How teachers’ salary schedules make pay increases misleading
If you want to begin to understand what’s wrong with our current public school system, look no further than teachers’ salary schedules. Public school teachers unions across Illinois have clung to these outdated pay schemes, despite evidencethat shows salary schedules reward teachers for things that have little to do with improving student outcomes. Still, it is...
If you want to begin to understand what’s wrong with our current public school system, look no further than teachers’ salary schedules.
Public school teachers unions across Illinois have clung to these outdated pay schemes, despite evidencethat shows salary schedules reward teachers for things that have little to do with improving student outcomes.
Still, it is important to know how they work. For the foreseeable future – until much-needed reforms are passed – this will be how teachers get paid.
Before I proceed, let me explain some of the terminology you need to know. Teacher salary schedules include “steps” and “lanes.” “Steps” refer to how many years a teacher has been teaching, and “lanes” refer to how much education the teacher has.
To help you better understand how teachers’ salary schedules work, let’s look how much two hypothetical teachers will make during the 2011 and 2012 school years at Wilmette Public Schools.
A newly hired teacher in 2011 with a bachelor’s degree occupies Step 1, Lane BA, in the 2011-2012 salary schedule.
According to the salary schedule, he earns $43,747 during his first year. Following this pattern, you would think that the newly hired teacher would occupy Step 2, Lane BA, in his second year. This would entitle him to $45,298 in pay – a 3.5 percent increase over the previous year.
Not so fast. In order to determine how much he makes, we need to look at the 2012-2013 salary schedule.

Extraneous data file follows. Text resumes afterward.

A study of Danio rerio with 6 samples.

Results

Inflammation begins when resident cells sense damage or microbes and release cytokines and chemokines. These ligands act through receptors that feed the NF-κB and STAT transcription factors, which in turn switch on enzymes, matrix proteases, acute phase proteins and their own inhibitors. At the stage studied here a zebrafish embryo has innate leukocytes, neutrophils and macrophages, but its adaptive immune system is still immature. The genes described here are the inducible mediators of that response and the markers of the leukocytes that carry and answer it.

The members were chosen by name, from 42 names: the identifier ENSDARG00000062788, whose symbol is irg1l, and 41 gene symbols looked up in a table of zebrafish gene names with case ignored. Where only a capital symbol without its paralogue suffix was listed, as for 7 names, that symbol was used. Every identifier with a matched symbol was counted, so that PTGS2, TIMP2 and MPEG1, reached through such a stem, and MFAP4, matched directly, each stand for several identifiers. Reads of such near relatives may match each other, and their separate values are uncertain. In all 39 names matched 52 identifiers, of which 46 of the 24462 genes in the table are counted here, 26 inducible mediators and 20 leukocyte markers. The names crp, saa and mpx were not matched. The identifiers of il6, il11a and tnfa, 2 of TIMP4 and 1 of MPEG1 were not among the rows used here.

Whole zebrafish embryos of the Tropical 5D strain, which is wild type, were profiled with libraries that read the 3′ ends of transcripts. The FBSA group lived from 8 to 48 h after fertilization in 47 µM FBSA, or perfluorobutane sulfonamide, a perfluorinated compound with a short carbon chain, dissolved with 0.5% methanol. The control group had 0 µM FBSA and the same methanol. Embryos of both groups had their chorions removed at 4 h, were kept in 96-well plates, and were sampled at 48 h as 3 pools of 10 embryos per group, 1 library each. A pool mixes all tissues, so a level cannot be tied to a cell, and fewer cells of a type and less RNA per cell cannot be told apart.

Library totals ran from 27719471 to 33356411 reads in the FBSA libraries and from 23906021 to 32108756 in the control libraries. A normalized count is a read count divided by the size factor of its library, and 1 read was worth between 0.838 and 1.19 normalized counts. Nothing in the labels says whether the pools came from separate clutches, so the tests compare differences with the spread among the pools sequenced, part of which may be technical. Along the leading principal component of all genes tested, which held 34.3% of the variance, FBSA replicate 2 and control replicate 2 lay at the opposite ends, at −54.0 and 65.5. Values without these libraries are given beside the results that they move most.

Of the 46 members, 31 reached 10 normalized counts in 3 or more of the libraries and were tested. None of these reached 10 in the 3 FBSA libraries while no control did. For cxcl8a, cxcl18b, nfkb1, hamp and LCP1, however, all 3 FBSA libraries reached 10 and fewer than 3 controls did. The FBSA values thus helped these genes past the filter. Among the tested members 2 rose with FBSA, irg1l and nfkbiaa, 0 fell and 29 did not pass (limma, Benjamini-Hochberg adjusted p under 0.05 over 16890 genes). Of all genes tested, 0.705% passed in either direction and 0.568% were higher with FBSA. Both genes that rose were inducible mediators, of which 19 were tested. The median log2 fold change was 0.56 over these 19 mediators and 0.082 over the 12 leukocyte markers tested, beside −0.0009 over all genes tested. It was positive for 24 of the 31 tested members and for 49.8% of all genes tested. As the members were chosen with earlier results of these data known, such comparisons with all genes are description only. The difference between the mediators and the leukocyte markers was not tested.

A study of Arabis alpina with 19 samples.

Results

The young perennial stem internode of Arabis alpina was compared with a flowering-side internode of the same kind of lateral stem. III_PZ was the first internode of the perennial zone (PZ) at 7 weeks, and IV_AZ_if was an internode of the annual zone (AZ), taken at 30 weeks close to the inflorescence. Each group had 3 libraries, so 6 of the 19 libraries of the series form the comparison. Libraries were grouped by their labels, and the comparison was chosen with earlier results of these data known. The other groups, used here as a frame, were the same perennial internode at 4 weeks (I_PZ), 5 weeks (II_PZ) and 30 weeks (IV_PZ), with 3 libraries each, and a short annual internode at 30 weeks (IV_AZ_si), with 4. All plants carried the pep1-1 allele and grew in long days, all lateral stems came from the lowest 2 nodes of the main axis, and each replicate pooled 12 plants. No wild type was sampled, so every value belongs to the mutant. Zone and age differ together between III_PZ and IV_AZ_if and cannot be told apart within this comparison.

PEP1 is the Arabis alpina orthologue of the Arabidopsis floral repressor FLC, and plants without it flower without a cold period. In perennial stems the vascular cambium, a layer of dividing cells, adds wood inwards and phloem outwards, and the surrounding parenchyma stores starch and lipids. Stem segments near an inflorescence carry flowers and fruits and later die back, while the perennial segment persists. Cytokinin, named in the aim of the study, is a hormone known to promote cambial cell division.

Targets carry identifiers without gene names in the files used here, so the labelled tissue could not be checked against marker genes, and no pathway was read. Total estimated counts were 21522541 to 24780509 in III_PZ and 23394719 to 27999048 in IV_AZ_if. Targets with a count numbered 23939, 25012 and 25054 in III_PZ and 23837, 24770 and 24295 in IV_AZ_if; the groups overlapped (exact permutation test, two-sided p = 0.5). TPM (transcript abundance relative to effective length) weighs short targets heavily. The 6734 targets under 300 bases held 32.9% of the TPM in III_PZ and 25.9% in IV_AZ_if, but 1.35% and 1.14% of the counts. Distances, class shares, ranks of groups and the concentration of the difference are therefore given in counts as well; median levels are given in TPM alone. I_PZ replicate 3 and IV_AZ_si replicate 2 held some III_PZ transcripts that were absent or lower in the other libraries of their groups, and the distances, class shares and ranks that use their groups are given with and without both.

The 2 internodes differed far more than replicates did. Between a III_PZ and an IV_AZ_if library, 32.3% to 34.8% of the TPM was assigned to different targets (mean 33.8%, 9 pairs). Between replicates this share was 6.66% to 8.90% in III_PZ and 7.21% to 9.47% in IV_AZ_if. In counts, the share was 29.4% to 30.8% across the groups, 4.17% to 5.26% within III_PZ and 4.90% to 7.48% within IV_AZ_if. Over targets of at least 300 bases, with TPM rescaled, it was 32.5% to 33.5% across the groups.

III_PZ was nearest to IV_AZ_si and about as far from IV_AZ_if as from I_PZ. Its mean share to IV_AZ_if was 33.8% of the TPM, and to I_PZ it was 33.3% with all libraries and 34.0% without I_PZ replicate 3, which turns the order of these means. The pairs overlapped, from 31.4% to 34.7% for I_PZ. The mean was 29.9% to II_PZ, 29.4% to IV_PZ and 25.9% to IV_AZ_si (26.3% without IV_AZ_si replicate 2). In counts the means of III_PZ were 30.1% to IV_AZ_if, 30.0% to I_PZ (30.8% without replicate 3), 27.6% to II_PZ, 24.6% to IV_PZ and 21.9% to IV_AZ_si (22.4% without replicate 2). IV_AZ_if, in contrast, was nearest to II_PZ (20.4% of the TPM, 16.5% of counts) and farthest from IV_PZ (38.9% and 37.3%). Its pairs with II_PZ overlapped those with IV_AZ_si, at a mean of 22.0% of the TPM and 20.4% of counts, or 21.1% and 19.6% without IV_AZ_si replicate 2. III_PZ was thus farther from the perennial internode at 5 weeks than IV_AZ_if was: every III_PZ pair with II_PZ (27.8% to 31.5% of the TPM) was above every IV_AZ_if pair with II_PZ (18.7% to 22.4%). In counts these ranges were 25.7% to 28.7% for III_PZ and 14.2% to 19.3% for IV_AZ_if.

What you’ll notice is that the now second-year teacher occupies Step 2, Lane BA. This means that she will make $46,295 during the 2012-2013 school year – an increase of 5.8 percent over the previous year, not 3.5 percent.
Now, let’s look at a different type of teacher. One who is in her fifth year of teaching and on her way to earning a master’s degree. According to the 2011-2012 pay schedule, she occupies Step 5, Lane BA+24 (let’s assume she has already earned 24 credit hours). This means she earned $50,892 during the 2011-2012 school year.
Let’s assume she completes her master’s degree during the course of 2011-2012 school year. The 2012-2013 salary schedule dictates that she will occupy Step 6, Lane MA, that year. She will then earn $58,160 – an incredible 14.3 percent raise over the previous year.
When teachers’ unions talk about salary increases, they don’t account for pay raises in subsequent years.
Since no teacher occupies the same step twice – at least not until the teacher reaches the end of their respective lane – it is extremely rare that teachers will see the “small” increase they commonly cite during strike negotiations.
To see the complete pay schedule, click on this link.
Later this week, I will discuss how teachers’ pay schedules undermine a school’s ability to recruit and retain high-quality teachers and what reforms can be instituted to make sure that schools can hire the right teachers for their students.